220 Years Ago This Week

By September McCarthy | May 11, 2011
Photo by: Courtesy of Kushimoto Town Tourism Association (http://www.kankou-kushimoto.jp/english/sub01.html) Oshima Island, Japan -- the site of Kendrick's visit to Japan in 1791. Today it is also the site of the Japan-U.S. Friendship Memorial Museum which was built in 1975 to commemorate Kendrick's visit. Also in 1975, the Japanese people donated $5,000 toward the restoration of the Capt. Kendrick House here in Wareham.

Two-hundred and twenty years ago this week, Captain John Kendrick of Wareham became the first American to sail into the closed nation of Japan.  It was May 1791 and Kendrick was in the middle of an historic seven year voyage into the Pacific.  His mission was to establish an American outpost on the Pacific Northwest Coast, open trade routes to China, and find the legendary Northwest Passage. 

When Kendrick arrived at Kushimoto on the south coast of Japan, the island nation had been in self-imposed isolation, shutting out all foreigners for 150 years. Japanese records talk about the strange red-haired barbarians from America who arrived during a storm and stayed several days in the harbor.  Kendrick managed to sail off just before samurai warriors arrived to capture him.  This was one of a long string of adventures that befell Kendrick and his crew. 

Although Kendrick has been little recognized until now, awareness of his achievements is growing.  A dozen years before Lewis and Clark set out on their landmark journey across America, Kendrick already owned 1,000 square miles of land on what would become Vancouver Island.  During his life, he was known to George Washington, Benjamin Franklin, Thomas Jefferson and other national leaders.  His story has all the makings of an American epic.  However, Kendrick never made it home to tell his tale.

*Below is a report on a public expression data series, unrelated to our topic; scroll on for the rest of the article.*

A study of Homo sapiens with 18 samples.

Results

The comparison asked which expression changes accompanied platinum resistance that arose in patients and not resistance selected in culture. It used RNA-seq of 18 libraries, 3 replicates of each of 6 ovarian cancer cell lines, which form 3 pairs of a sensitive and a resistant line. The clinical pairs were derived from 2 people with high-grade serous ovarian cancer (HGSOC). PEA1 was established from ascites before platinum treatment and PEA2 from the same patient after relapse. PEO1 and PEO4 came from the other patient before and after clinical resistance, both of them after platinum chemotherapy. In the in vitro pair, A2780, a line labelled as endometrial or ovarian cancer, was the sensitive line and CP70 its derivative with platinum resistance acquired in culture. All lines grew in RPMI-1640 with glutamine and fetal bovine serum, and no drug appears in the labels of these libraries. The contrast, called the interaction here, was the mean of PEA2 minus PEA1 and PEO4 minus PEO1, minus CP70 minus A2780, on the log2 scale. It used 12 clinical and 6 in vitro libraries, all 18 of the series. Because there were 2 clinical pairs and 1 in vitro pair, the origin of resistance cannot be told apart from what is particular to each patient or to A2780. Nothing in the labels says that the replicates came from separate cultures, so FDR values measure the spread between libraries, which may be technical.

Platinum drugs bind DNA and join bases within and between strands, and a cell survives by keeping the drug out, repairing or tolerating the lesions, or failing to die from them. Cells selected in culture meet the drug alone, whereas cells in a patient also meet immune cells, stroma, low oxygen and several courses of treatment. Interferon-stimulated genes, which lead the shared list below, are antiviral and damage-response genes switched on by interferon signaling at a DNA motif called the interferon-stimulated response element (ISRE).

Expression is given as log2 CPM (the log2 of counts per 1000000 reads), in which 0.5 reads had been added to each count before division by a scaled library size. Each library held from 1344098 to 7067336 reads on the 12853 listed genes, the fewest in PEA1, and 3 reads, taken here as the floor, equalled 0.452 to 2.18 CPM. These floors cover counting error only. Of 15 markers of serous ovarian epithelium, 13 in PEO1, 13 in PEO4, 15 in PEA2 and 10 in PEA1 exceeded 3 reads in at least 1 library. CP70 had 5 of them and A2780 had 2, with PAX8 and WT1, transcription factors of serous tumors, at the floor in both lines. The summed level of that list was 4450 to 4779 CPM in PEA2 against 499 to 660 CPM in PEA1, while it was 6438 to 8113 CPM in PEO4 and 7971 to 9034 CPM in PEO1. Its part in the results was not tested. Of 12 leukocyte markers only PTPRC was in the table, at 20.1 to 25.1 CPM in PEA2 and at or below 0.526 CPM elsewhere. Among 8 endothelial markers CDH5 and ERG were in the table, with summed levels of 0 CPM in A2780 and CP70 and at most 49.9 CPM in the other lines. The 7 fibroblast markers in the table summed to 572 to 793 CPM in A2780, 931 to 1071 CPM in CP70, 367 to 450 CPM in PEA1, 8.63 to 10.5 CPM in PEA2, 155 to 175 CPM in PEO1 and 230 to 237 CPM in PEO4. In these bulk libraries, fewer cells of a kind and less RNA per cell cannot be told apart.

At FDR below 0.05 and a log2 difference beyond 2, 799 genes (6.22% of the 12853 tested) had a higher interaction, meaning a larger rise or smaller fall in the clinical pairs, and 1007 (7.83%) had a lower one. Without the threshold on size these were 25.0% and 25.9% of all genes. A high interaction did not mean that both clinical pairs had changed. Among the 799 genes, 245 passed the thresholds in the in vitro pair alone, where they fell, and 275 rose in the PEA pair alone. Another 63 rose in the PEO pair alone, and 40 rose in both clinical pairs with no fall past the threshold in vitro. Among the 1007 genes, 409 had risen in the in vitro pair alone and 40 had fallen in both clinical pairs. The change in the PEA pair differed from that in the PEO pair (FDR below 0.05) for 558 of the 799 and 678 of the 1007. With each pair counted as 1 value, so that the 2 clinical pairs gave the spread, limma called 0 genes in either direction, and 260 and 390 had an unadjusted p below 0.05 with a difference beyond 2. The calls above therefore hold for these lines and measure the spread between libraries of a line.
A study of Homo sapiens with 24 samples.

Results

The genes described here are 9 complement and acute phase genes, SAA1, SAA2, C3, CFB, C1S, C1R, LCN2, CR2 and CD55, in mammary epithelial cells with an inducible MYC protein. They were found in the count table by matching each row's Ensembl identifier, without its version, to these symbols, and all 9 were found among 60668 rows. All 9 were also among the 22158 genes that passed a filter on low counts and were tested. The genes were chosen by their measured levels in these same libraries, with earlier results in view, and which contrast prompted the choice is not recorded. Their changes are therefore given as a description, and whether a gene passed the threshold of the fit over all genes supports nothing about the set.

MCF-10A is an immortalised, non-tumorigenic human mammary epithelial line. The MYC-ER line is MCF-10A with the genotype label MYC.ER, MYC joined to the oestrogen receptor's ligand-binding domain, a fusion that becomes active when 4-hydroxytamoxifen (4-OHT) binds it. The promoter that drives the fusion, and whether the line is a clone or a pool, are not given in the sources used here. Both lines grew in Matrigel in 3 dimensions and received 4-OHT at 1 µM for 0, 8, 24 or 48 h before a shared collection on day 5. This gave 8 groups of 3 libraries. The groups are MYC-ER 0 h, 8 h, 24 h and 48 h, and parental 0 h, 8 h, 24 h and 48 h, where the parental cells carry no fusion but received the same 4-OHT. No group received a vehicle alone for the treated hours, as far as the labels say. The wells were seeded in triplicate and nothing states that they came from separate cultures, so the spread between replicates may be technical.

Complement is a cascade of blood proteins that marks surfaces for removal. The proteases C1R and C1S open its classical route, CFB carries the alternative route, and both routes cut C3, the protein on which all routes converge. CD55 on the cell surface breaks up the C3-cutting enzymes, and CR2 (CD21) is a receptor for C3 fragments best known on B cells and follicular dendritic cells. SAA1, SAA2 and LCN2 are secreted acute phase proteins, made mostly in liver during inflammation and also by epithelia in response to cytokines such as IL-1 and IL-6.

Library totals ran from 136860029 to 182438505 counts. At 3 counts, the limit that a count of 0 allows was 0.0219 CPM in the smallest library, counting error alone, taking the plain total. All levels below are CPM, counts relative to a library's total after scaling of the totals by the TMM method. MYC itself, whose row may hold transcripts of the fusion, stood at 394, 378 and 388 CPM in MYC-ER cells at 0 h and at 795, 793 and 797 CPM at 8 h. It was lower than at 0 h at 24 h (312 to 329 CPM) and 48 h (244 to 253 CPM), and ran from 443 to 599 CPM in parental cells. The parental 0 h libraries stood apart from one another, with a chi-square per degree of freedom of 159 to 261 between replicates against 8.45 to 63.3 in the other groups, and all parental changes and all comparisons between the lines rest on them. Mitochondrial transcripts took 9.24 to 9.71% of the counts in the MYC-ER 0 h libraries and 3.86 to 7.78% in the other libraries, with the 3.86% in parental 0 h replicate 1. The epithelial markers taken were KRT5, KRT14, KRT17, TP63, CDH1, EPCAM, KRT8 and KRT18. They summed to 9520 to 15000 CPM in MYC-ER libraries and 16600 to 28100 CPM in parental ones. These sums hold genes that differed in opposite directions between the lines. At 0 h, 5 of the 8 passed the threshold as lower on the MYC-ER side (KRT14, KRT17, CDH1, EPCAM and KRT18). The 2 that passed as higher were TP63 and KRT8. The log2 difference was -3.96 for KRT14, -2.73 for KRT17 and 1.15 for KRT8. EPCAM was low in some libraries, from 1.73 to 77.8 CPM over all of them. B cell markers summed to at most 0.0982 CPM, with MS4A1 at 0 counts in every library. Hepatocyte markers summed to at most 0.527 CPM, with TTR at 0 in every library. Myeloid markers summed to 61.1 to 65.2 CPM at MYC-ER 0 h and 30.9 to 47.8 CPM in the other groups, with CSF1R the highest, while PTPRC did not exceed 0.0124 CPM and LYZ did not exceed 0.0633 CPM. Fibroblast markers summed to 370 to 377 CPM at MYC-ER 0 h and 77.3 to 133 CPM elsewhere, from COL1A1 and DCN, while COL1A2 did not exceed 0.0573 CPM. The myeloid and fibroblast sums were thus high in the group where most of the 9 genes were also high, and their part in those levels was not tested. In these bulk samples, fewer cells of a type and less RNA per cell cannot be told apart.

Author Scott Ridley will be at the Old Methodist Meeting House, 495 Main Street, Wareham, telling Kendrick's story from his new book Morning of Fire: John Kendrick's Daring American Odyssey in the Pacific, on Monday, May 16 at 7:00 p.m. Admission is free for members of the Wareham Historical Society and $3 for non-members. The presentation will be followed by a book signing and social time featuring coffee and baked goods. We look forward to seeing you there!